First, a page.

Reflecting back on 2012, like most years, there were many things to savour and also many to forget.
On the whole, it was a good year for most in the organic sector, helped by increased stability in the market.
However, yields were affected by the weather and this will have implications well into 2013. Nonetheless, the organic sector in Ireland has shown resilience in the face of the recession and generally sales have held their own.
The good news story of last year was that many of our members noted an increase in sales, reflecting confidence in the market.
Some horticultural producers saw an increase of up to 40pc in sales, which is encouraging.
Internally in IOFGA, we distributed a copy of the new organic standards to all of our members.
Essentially these are the rules and regulations that organic farmers must produce to.
Many consumers are not aware that the 'organic' label on food is legally binding and therefore products must display an organic symbol that shows that they are audited by an organic certification body such as IOFGA.
There was a rocky start to 2012 for 148 organic farmers, when the Department of Agriculture decided to withdraw payments to organic farmers participating in certain criteria of AEOS and the Organic Farming Scheme.
This affected farmers who had signed the contract in 2010 on the understanding that they would be paid under both schemes, and included parcels of land designated as species rich grassland, traditional hay meadow and riparian margins.
Thankfully, after considerable communication between Department officials and IOFGA, this decision was quashed, but only for farmers who appealed the move.
In the future, we look forward to an agri-environmental scheme that has more options for organic producers.
Organic critics and GM
The past year also contained challenges in the shape of vociferous critics of organic food.
Their voices highlight the fact that the organic sector needs to be clear about the benefits of organic food, because even committed organic consumers need an occasional reminder about why they are choosing the organic option.
It would be great to have more Irish research commissioned in organic farming.
However, with tight research budgets, this will probably remain on the wish list for the foreseeable future.
The decision taken by Teagasc to trial late blight-resistant genetically modified (GM) potatoes marked a major change in Ireland's GM-free status and was seen by many organic producers as a direct threat to our green image.
We were joined in our belief by many chefs, conventional producers and consumers who were equally concerned about Ireland's misplaced food strategy.
The Teagasc trial will continue until 2016, so be sure to watch this space.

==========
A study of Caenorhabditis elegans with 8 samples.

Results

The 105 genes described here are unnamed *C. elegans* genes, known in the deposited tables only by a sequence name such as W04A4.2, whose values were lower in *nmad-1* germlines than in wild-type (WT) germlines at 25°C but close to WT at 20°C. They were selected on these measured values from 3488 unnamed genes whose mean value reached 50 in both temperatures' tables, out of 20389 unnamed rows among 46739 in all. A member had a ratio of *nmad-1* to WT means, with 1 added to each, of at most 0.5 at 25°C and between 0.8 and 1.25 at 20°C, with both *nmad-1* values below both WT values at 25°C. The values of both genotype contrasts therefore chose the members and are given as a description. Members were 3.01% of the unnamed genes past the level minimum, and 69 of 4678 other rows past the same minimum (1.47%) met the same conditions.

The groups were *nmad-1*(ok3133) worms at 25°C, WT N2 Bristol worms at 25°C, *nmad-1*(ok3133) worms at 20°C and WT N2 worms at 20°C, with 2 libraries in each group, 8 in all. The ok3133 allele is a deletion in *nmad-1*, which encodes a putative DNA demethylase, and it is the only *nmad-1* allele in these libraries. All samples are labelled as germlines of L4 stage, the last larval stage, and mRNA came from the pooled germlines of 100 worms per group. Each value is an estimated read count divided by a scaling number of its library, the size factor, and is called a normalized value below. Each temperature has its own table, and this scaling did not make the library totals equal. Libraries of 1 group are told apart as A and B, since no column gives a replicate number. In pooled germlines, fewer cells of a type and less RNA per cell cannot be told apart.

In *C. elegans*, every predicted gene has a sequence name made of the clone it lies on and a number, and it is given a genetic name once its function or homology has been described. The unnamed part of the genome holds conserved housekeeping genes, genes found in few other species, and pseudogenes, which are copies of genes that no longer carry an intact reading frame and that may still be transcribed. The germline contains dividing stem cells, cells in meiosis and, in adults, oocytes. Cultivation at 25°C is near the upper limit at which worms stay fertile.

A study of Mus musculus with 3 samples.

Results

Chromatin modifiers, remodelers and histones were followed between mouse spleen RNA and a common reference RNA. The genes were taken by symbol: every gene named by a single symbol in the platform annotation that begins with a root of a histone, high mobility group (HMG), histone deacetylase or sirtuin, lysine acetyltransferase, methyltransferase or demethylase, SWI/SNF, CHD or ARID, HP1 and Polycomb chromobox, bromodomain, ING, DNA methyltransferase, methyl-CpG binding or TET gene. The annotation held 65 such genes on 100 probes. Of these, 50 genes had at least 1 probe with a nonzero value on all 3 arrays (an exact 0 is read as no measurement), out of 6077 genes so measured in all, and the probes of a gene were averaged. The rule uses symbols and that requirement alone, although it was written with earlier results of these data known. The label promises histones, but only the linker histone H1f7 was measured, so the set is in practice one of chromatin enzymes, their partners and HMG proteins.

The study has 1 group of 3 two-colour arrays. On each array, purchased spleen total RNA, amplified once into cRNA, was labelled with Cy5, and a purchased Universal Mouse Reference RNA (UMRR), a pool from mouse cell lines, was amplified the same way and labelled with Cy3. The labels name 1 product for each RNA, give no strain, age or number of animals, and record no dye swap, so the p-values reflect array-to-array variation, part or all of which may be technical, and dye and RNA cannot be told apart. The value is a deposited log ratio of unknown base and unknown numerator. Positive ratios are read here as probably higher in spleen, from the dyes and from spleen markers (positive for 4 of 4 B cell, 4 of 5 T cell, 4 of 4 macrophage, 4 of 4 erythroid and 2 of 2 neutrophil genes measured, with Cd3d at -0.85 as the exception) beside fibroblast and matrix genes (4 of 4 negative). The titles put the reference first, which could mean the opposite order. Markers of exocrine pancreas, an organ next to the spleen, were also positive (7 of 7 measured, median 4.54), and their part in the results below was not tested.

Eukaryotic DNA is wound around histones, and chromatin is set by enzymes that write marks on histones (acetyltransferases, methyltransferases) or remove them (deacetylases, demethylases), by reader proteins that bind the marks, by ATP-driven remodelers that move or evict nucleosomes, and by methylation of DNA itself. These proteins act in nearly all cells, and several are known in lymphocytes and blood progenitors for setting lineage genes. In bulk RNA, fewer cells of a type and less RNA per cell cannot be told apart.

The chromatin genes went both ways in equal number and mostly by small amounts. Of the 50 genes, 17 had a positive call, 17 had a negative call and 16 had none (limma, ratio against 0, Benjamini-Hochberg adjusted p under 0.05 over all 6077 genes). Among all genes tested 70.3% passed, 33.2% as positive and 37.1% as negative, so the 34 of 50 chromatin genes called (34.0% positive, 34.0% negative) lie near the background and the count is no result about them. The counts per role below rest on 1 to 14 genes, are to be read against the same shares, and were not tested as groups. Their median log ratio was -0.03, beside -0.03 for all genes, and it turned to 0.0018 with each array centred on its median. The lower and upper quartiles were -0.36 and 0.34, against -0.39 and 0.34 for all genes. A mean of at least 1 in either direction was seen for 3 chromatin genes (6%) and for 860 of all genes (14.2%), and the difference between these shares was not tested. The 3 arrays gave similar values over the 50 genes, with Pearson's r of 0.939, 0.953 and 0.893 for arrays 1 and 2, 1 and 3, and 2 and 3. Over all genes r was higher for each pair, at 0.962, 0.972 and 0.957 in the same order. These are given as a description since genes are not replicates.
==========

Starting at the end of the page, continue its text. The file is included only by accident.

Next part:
The Common Agricultural Policy was never far from anybody's mind in the agricultural sector last year and with the budget still hanging in the balance, we envisage this to continue in a busy start to 2013 under the Irish presidency.
Back in October 2011, it was announced that organic farmers would gain automatic entry into greening because of the public recognition of their contribution to delivering on public goods.
IOFGA would like to see organic farming as a mandatory measure under the rural development programme (RDP), with 80pc co-financing.
There are many opportunities for the sector but it will require a dynamic RDP that makes best use of the different EU measures available if we are to see an equitable distribution of supports for producers.
Green public procurement
A promising opportunity for the organic sector lies in the area of Green Public Procurement (GPP).
In January 2012, the Government released its 'Green Tenders Action Plan' on GPP, outlining, amongst other things, a 50pc target for incorporating green criteria for food and catering services.
This means that tenders bidding for Ireland's €200m per year market for public sector food (for example hospitals, schools, defence forces, semi-state) can now stipulate that 50pc of the ingredients must be from an organic or quantifiably sustainable source.
In practice, this means that the Irish organic sector has a massive opportunity to catch up with its EU counterparts.
In countries that have already implemented GPP, organic and low-input farming systems has grown exponentially.
Case studies show that while organic ingredient costs may be marginally higher, waste is dramatically lower, making it cost efficient to source organic food even in challenging financial times.
In IOFGA, we are looking forward to the development and implementation of the Green Tenders document throughout the public sector.
Finally, import substitution remains a huge opportunity in the organic sector as we buy in approximately 70pc of the organic food sold in Ireland, much of which could be produced here.
Farmers who already have low input systems require little change to go organic, yet many have not considered it.
For the past decade, the level of certified organic farming in Ireland has hovered around 1pc of farmers (one of the lowest in Europe) while demand for Irish organic produce is rising among consumers.
We need more farmers to supply that demand and reduce our dependence on imported organic food.
Maybe 2013 will convince more farmers to consider the opportunities in organics?